While I was at home I ripped the entire series of M*A*S*H to dvd. (Thanks Mom and Dad!) So I’ve been watching it a lot recently. One of the topics that seems to come up frequently is the need to accept people for who they are and love them. This is evident through the interactions between Major Frank Burns and Captain Hawkeye Pierce.
Burns is a very intolerant person and often refers to the enemy (Korean War ==> Chinese) as “gooks.” He uses this dehumanization of people to justify his doing his duty as a US officer. Because all the officers at M*A*S*H are doctors, they have a higher calling and responsibility than just to their country. Their Hippocratic oath is an oath to all humankind–therefore the lesson Hawkeye often must show by example is one of human decency–putting the enemy on the operating table ahead of American soldiers because they are more mortally wounded.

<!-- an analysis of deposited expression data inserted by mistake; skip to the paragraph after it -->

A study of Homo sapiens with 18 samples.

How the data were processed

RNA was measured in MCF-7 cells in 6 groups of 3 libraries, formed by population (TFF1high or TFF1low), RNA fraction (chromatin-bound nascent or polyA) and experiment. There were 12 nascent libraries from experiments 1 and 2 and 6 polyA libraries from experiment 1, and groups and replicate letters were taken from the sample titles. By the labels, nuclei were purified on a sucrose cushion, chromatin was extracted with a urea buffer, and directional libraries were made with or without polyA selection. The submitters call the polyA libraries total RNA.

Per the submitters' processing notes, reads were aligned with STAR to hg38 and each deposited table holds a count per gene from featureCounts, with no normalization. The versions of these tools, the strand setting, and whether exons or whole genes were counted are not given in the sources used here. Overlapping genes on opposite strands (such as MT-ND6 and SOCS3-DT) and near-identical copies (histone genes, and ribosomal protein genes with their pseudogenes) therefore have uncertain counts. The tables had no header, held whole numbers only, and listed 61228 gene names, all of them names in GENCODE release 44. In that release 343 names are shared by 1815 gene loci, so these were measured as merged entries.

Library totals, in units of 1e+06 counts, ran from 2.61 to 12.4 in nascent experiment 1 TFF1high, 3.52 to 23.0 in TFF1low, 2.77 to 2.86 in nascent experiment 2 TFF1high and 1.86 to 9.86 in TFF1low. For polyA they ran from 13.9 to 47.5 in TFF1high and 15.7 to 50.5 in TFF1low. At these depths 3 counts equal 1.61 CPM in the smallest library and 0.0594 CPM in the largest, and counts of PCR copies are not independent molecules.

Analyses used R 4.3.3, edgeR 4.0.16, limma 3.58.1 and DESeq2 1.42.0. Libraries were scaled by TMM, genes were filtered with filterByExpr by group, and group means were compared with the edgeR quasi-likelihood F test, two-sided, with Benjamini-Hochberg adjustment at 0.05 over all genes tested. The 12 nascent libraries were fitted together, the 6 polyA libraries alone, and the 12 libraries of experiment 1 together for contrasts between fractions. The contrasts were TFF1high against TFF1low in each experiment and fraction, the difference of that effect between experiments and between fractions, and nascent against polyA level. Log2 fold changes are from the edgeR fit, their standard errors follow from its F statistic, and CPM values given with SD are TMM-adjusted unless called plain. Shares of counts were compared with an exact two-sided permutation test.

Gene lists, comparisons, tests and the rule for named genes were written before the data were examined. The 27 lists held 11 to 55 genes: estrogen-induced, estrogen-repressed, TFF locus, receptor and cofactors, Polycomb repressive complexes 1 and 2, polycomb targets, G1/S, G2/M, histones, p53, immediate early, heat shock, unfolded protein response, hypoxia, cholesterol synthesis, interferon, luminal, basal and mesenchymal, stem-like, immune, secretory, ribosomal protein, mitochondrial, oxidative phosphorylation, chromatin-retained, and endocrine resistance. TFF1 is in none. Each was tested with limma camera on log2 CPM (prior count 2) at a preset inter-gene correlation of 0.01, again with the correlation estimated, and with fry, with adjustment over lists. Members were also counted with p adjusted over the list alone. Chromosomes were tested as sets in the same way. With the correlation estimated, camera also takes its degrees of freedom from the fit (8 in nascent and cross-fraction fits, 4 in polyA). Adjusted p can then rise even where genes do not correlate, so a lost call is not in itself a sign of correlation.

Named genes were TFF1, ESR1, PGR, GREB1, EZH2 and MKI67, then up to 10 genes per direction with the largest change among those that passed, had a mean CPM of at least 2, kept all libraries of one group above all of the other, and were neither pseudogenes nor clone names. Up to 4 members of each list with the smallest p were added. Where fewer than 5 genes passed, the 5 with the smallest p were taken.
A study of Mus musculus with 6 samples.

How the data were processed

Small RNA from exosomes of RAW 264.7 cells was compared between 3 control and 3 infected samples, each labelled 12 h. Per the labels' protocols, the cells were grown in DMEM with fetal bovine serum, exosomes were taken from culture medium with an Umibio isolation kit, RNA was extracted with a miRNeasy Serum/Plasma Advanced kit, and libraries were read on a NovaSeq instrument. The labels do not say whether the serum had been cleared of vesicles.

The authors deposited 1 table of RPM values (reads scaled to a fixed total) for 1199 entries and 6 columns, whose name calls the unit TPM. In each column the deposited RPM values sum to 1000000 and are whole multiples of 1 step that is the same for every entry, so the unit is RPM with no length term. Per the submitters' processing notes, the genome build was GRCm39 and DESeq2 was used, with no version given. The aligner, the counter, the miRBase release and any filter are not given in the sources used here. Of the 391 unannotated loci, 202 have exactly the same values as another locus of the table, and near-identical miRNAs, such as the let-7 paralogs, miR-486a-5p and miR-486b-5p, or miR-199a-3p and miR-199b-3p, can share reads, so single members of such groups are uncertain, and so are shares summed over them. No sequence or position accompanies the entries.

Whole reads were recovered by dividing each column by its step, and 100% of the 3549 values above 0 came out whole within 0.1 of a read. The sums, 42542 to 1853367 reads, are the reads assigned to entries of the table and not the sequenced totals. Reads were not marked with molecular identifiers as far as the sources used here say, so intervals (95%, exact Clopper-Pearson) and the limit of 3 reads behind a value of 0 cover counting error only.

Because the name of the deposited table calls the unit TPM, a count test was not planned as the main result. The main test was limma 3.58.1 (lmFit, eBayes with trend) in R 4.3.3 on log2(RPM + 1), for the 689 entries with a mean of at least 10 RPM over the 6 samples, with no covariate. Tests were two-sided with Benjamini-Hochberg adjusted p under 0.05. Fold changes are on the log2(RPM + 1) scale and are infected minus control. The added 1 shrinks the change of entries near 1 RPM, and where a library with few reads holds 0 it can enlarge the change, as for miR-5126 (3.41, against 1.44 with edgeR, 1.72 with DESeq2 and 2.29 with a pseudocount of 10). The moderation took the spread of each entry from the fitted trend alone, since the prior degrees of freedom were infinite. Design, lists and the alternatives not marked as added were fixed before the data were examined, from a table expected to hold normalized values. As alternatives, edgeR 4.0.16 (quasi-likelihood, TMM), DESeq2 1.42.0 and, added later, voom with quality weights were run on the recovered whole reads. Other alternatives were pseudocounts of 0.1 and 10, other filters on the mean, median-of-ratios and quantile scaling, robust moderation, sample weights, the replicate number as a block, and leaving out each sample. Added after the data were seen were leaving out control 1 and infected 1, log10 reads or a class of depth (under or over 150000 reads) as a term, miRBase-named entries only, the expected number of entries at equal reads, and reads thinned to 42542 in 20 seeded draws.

In one episode, Hawkeye starts quoting Rudyard Kipling’s poem Gunga Din–a poem about British occupation in India. The poem is linked here. As I read the poem, I was moved by the speaker’s brutal honesty. He speaks of the need to fit in with his comrades, but also the need to treat the regimental bhisti with better respect, because he is a better man than the speaker.
The speaker speaks for all of us as we realize that often we act exactly as he did: we see that others whom we treat poorly are better people than we are, but for social reason–and any others–we may not have the inner fortitude to better our actions. And we essentially say with the speaker,
Tho’ I’ve belted you an’ flayed you,
By the livin’ Gawd that made you.
You’re a better man than I am, Gunga Din!